Yemen’s Houthi rebels have vowed to expand their attacks on commercial shipping into the Mediterranean Sea.
INTERNATIONAL WATERS RED SEA, YEMEN - NOVEMBER 20: This handout screen grab captured from a video shows Yemen's Houthi fighters' takeover of the Galaxy Leader Cargo in the Red Sea coast off Hudaydah, on November 20, 2023 in the Red Sea, Yemen. On Monday, the Houthi movement in Yemen released footage and photos of the Houthi-run coastguard taking over the Israeli-linked Galaxy Leader Vessel in the Red Sea, which had 52 people onboard. Galaxy Leader is owned by Galaxy Maritime Ltd in the Isle of Man and is li

WASHINGTON — Yemen’s Houthi rebels warned early this month that they would expand their ongoing campaign of attacks on commercial shipping in the Red Sea to the vessels in Mediterranean.

A senior Pentagon official this week said the US has seen no sign the Iran-armed rebels have attempted to do so yet, but admitted to being worried about the possibility.

“The Houthis have an advanced array of weaponry,” the senior US defense official speaking on the condition of anonymity told reporters during a diplomatic visit to the region on Monday.

“They have weapons that could reach the Mediterranean,” the senior official said. “It definitely is of concern that they have that capability.”

Why it matters: Yemen’s Houthis have mounted more than 90 attacks on commercial shipping in the Red Sea and Gulf of Aden since November in what the Zaidi Shiite faction has characterized as retaliation for Israel's war in the Gaza Strip. 

The Houthis also hit at least one Israeli-linked commercial vessel in the Indian Ocean, some 300 miles east of the coast of Africa, in late April, and have claimed to have staged several other attacks on ships there. 

On May 3, Houthi spokesperson Yahia Saree warned the campaign would soon target vessels sailing to Israel from the Mediterranean, while vowing to expand attacks in the Indian Ocean.

"There's really no precedent for the use of anti-ship ballistic missiles, the way they are doing it," the senior US defense official said, adding, "It's a kind of maritime terrorism that the entire world has an interest in seeing brought to a close."

The US military has set up two separate coalitions to crack down on the Houthis attacks. The first, dubbed Operation Prosperity Guardian, aimed to provide commercial vessels transiting the Red Sea with armed naval protection as a deterrent.

In February, the United States and the United Kingdom began a series of air and naval strikes targeting Houthi missile and drone stockpiles inside Yemen. Yet US military officials overseeing the campaign admit the attritional approach has its limits, as the US Navy's efforts to interdict Iran's steady supply of precision-guided components to the Houthis have barely made a dent.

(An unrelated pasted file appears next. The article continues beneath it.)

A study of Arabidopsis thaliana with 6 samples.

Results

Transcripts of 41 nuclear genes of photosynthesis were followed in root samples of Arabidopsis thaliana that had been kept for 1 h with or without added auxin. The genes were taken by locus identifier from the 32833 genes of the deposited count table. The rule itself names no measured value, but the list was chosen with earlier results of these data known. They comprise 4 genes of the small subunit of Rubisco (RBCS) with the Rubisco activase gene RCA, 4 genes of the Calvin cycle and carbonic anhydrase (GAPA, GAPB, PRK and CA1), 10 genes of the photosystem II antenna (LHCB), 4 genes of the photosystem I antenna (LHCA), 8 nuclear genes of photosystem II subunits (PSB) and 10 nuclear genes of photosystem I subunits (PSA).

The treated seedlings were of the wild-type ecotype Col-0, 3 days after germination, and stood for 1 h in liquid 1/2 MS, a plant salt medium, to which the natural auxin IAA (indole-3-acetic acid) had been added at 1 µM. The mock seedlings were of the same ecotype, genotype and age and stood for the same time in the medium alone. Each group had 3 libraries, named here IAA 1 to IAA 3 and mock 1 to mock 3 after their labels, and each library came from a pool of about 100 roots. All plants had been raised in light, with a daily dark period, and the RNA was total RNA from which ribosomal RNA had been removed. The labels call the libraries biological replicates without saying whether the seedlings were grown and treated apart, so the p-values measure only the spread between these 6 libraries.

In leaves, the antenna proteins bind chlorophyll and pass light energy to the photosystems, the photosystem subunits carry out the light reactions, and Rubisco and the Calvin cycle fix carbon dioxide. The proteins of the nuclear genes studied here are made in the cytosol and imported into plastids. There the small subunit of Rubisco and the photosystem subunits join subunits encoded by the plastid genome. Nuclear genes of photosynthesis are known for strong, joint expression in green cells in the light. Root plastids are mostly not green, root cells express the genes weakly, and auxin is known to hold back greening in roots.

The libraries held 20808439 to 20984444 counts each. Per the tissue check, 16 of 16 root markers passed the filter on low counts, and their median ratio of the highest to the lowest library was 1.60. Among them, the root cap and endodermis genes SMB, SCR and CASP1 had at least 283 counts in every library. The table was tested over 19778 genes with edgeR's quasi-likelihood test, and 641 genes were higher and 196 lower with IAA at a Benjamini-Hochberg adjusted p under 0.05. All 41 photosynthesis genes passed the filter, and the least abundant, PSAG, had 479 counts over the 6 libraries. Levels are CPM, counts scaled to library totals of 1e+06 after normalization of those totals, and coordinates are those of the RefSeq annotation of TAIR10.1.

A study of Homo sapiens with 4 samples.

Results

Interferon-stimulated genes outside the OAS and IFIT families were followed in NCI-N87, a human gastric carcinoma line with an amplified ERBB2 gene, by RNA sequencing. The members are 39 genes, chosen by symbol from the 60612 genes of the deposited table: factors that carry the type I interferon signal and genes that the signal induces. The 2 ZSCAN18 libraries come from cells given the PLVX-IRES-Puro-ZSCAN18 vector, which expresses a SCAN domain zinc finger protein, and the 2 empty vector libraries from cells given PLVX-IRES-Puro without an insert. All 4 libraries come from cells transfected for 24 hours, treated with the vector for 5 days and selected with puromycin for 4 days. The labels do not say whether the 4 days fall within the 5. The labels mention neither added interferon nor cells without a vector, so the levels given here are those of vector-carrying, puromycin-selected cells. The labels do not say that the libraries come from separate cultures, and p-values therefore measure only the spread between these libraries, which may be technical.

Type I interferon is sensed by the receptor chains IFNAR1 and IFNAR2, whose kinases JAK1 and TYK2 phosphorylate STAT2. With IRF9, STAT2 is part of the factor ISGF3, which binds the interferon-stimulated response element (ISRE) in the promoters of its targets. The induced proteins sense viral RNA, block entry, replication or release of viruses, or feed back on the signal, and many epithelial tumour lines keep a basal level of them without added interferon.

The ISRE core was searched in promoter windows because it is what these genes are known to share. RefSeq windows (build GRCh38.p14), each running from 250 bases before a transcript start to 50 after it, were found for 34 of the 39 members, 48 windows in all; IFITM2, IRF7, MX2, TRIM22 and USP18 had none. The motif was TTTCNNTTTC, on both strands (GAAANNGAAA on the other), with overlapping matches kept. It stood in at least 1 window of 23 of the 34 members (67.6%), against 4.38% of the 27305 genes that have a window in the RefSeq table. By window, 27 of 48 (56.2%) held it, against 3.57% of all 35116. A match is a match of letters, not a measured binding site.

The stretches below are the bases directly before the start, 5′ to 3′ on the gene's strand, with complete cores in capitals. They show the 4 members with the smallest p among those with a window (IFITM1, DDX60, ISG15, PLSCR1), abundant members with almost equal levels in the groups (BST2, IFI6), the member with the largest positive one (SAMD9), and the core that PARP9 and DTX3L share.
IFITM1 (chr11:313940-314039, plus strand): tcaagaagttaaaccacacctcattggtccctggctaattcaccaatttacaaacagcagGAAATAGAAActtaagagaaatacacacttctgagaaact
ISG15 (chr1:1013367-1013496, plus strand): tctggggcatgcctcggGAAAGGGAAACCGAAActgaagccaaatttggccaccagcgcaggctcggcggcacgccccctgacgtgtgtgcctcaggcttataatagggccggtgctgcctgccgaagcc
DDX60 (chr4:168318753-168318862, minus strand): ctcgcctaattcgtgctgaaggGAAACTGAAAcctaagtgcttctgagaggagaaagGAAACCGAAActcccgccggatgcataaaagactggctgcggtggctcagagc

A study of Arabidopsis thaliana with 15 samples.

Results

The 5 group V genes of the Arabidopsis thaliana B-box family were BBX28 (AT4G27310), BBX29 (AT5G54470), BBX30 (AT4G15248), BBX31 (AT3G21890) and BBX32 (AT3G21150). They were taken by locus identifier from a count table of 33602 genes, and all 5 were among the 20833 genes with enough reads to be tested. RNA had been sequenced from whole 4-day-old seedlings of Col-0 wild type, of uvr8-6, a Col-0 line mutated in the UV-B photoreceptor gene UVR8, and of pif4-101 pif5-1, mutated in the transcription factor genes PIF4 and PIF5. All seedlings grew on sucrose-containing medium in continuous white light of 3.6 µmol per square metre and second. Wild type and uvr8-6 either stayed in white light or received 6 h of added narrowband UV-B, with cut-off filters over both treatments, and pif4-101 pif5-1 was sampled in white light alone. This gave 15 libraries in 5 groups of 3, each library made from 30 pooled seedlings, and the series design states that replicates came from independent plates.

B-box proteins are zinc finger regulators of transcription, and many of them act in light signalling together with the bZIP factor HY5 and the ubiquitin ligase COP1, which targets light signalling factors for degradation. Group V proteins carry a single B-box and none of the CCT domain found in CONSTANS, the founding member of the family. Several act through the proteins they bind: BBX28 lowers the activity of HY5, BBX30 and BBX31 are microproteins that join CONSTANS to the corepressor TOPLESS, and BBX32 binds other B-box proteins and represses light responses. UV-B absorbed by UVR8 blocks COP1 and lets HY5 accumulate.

Behind the scenes: Pentagon officials are meeting with military officials from Gulf Cooperation Council countries in Riyadh on Wednesday to press for more support for US and allied efforts to interdict smuggled Iranian missile components to the Houthis. 

"We'll discuss the multilateral efforts to bolster information sharing, counterproliferation, ways to increase the effectiveness of combined interdictions and technologies to increase maritime domain awareness," the senior US defense official said on Monday.

"Part of what we're working on in these working groups is how to ensure that everybody has the information and … awareness and that we pool the knowledge, technology and intelligence," the official said.

Between the lines: Saudi Arabia has restricted the US military's use of bases in the kingdom for launching airstrikes against Houthi targets in Yemen.

Weary of its yearslong campaign against the Houthis, Riyadh is seeking a diplomatic end to the war, which has largely halted since the UN brokered a cease-fire in April 2022 with the support of the Biden administration. 

If Saudi Arabia and other Gulf states won't help the United States target and destroy the Houthis' mostly Iranian-made arsenal, Pentagon officials are hoping they can support a new multilateral interdiction effort.

"There's work to do, by all parties — obviously including those in the region who are very much affected by this violence — to try to diminish its impact and bring it to an end," the senior defense official said.

Background: Houthis missiles and drones have struck at least 20 commercial vessels since they began their attacks on commercial shipping in November.

The rebels began attacking commercial shipping after firing a series of drone and cruise missiles toward Israel's southern coast that were intercepted by a US Navy destroyer and Israeli air defenses in October.

On Nov. 19, Houthi gunmen then hijacked a Liberian-flagged tanker linked to Israeli billionaire Eyal Ofer, taking its 25 crew members hostage.

The Yemeni faction later turned to projectile attacks on ships off Yemen's coast after US Navy helicopters thwarted a subsequent hijacking attempt in late December, sinking two Houthi gunboats.

Three crew members have been killed in the Houthis' missile and drone attacks, several of which have targeted vessels with no apparent connection to Israel. 

But the rebels fired two anti-ship missiles toward a tanker carrying commercial jet fuel off the coast of Yemen in December and sank a UK-owned cargo ship carrying some 21,000 metric tons of fertilizer in early March, risking what experts have warned may become serious environmental damage in the southern Red Sea.

The attacks have forced international commercial shipping to reroute around the southern coast of Africa while driving up insurance costs for carriers.

Correction: May 22, 2024. An earlier version of this article mistakenly noted that no crew members have been killed. A March 6 Houthi strike on a Barbados-flagged tanker killed three crew members.